I had decided to attend the 2004, 24th Narrow Gauge Convention to be held in Santa Clara, California, and then was asked to present a clinic on techniques used in scratch building structures. So I decided that I had better build a structure to display and to enter in the model contest so attendees to my clinic could see first hand the results of the techniques I would be outlining.

 

For the notes from my clinic presentation CLICK HERE

 

These notes outline how this and many of my models have been designed and built

But the model had one severe limitation - the maximum size that I could carry onto the plane for the long flight. And seeing that the model was going to be built in ‘O’ scale (¼” to the foot), this was going to be a challenge.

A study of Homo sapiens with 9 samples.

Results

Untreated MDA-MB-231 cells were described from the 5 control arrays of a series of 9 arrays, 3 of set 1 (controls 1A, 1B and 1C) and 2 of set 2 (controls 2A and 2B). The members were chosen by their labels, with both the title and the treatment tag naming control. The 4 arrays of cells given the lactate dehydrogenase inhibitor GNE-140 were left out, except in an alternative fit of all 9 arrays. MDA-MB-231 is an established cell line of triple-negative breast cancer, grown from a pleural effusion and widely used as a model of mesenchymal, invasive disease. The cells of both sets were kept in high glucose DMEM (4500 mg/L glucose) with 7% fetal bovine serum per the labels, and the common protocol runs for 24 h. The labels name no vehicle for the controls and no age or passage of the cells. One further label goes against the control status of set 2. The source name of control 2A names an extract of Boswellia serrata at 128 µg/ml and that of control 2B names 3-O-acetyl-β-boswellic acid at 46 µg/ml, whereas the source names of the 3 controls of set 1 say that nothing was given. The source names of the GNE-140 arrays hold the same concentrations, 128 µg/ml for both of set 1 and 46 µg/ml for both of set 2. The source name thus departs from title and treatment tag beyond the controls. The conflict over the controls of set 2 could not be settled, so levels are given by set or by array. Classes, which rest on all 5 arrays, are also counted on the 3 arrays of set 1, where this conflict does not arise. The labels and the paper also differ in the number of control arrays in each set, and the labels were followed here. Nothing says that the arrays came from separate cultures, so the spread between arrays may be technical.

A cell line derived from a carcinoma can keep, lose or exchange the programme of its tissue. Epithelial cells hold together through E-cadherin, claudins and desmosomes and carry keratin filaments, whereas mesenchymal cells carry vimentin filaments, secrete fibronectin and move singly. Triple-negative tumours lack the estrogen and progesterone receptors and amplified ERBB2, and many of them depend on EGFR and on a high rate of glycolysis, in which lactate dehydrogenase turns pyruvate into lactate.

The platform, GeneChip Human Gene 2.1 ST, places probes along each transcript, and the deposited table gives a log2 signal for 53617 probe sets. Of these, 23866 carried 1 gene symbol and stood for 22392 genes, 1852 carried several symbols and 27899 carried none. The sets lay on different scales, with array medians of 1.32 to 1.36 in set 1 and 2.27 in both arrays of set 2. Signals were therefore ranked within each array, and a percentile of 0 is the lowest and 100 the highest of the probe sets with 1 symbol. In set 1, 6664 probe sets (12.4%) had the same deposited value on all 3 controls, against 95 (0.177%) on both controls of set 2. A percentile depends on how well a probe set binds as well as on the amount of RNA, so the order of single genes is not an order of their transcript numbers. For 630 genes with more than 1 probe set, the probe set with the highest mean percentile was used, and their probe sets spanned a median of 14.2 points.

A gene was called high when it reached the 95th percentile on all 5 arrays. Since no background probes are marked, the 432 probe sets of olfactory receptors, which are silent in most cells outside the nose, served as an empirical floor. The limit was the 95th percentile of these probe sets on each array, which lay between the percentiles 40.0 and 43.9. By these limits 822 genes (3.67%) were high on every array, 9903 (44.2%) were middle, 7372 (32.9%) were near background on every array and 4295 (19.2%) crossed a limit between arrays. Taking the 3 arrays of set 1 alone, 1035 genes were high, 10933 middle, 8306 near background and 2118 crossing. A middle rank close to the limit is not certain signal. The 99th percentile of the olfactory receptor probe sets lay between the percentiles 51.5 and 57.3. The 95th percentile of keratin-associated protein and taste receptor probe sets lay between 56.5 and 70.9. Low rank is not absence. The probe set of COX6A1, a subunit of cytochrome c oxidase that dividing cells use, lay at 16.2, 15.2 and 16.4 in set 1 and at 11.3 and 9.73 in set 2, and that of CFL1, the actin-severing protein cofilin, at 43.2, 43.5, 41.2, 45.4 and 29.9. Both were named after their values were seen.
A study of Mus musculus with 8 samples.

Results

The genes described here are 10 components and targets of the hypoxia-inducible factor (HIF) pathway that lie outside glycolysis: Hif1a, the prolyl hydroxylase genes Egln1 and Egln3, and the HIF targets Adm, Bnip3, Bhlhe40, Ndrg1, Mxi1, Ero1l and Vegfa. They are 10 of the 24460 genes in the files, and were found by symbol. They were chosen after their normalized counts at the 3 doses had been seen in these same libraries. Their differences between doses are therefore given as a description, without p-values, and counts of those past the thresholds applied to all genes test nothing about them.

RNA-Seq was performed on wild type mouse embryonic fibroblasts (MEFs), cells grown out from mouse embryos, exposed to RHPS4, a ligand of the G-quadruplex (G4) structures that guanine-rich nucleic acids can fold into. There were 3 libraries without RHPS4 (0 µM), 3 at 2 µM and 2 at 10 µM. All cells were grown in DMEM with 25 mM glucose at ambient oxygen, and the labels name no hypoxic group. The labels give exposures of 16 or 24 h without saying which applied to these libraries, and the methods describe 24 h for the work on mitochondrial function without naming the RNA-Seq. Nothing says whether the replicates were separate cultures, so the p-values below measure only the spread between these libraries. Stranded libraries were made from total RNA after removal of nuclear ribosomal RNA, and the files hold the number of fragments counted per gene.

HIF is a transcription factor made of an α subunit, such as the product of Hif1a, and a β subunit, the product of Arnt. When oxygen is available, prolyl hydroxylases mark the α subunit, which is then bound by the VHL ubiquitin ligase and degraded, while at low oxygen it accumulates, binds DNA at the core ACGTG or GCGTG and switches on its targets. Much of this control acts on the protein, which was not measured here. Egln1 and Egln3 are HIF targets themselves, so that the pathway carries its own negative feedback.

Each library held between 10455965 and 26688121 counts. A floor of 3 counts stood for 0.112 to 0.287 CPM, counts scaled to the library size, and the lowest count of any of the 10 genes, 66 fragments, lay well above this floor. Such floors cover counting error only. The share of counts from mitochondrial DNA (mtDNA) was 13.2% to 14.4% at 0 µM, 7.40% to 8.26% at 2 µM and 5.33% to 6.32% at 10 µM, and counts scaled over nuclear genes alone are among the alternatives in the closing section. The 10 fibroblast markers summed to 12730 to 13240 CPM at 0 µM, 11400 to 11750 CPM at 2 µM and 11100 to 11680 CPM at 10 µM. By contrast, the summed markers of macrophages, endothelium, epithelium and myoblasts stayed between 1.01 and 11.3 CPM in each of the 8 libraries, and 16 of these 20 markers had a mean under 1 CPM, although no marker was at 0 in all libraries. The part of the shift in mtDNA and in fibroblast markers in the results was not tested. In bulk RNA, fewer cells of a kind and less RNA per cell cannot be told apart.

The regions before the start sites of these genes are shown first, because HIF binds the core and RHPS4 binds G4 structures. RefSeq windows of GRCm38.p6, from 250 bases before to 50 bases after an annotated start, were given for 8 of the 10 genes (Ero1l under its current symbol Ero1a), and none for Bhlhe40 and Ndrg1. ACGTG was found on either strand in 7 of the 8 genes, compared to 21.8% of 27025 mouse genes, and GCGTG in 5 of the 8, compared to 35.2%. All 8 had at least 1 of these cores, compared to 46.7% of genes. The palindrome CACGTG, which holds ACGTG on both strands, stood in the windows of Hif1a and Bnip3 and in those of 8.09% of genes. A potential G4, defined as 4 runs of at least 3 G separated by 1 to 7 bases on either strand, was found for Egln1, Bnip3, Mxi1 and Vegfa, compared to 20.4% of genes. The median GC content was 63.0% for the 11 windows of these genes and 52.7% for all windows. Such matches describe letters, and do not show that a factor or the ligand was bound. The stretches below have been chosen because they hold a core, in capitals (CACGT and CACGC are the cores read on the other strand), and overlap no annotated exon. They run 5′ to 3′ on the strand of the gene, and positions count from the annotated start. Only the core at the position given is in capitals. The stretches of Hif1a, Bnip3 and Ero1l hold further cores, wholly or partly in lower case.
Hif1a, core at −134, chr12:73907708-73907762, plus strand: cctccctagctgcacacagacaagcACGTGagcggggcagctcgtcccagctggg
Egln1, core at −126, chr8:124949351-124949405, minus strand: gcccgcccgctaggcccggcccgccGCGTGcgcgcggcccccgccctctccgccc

The maximum dimensions of the box to hold the model that would fit into my airline sized carry on bag was 445 mm long, 270 mm wide and 150 mm high (1’5½” long by 10½” wide and 6” high) - not that big!

 

The model would have to have lots of impact for it to stand out amongst the many other models, some of them much larger, in the contest room.

 

An open structure on two sides with plenty of detail and lots of mini-scenes in and around the building would be the answer. It was also possible to have various pieces of the structure removable so they could be transported separately in the transporting box, seen opposite. This would allow me to design a much larger structure than the maximum size of the box that I could take on as 'carry on luggage'.

 

After designing and discarding several ideas, a locomotive maintenance shed was settled on. The finished results can be seen here.